SPPARKS is a Monte Carlo code that has algorithms for kinetic Monte Carlo (KMC), rejection KMC (rKMC), and Metropolis Monte Carlo (MMC). On-lattice and off-lattice applications with spatial sites on which "events" occur can be simulated in parallel.

KMC is also called true KMC or rejection-free KMC. rKMC is also called null-event MC. In a generic sense the code's KMC and rKMC solvers catalog a list of events, each with an associated probability, choose a single event to perform, and advance time by the correct amount. Events may be chosen individually at random, or a sweep of enumarated sites can be performed to select possible events in a more ordered fashion.

Applications are implemented in SPPARKS which define events and their probabilities and acceptance/rejection criteria. They are coupled to solvers or sweepers to perform KMC or rKMC or MMC simulations.

These are three kinds of applications in SPPARKS:

- on-lattice
- off-lattice
- general

On-lattice applications define static event sites with a fixed neighbor connectivity. Off-lattice applications define mobile event sites such as particles. A particle's neighbors are typically specified by a cutoff distance. General applications have no spatial component.

The set of on-lattice applications currently in SPPARKS are:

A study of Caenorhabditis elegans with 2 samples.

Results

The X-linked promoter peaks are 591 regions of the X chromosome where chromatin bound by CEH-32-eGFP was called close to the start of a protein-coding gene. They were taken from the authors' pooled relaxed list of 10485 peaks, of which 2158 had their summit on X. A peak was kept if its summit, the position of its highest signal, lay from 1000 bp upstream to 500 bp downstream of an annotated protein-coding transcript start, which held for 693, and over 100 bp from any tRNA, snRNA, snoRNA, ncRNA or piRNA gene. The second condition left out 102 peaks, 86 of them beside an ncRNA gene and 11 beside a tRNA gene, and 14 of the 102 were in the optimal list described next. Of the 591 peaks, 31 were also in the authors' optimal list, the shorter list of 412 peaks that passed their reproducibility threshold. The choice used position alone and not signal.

- diffusion model
- Ising model
- Potts model in many variants
- membrane model
- sintering model

The set of off-lattice applications currently in SPPARKS are:

- Metropolis atomic relaxation model

The set of general applications currently in SPPARKS are:

- biochemcial reaction network model
- test driver for solvers using a synthetic biochemical network

These are the KMC solvers currently available in SPPARKS and their scaling properties:

- linear search, O(N)
- tree search, O(logN)
- composition-rejection search, O(1)

SPPARKS is written in C++. It runs on single-processor desktop or laptop machines, but for some applications, can also be run in parallel. SPPARKS will run on any parallel machine that compiles C++ and supports the MPI message-passing library. This includes distributed- or shared-memory machines.

In parallel, a geometric partitioning of the simulation domain is performed. Sub-partitioning of processor domains into colors or quadrants (2d) and octants (3d) is done to enable multiple events to be performed on multiple processors simultaneously. Communication of boundary information is performed as needed.

Parallelism can also be invoked to perform multiple runs on a collection of processors, for statistical puposes.

SPPARKS is designed to be easy to modify and extend. For example, new solvers and sweeping rules can be added, as can new applications. Applications can define new commands which are read from the input script.

Our group has written and released a separate toolkit called Pizza.py which provides tools which can be used to setup, analyze, plot, and visualize data for SPPARKS simulations. Pizza.py is written in Python and is available for download from the Pizza.py WWW site.

SPPARKS is a freely-available open-source code, distributed under the terms of the GNU Public License, which means you can use or modify the code however you wish. See this page for a brief discussion of the open-source philosophy.

More details about the code are provided in the SPPARKS documentation.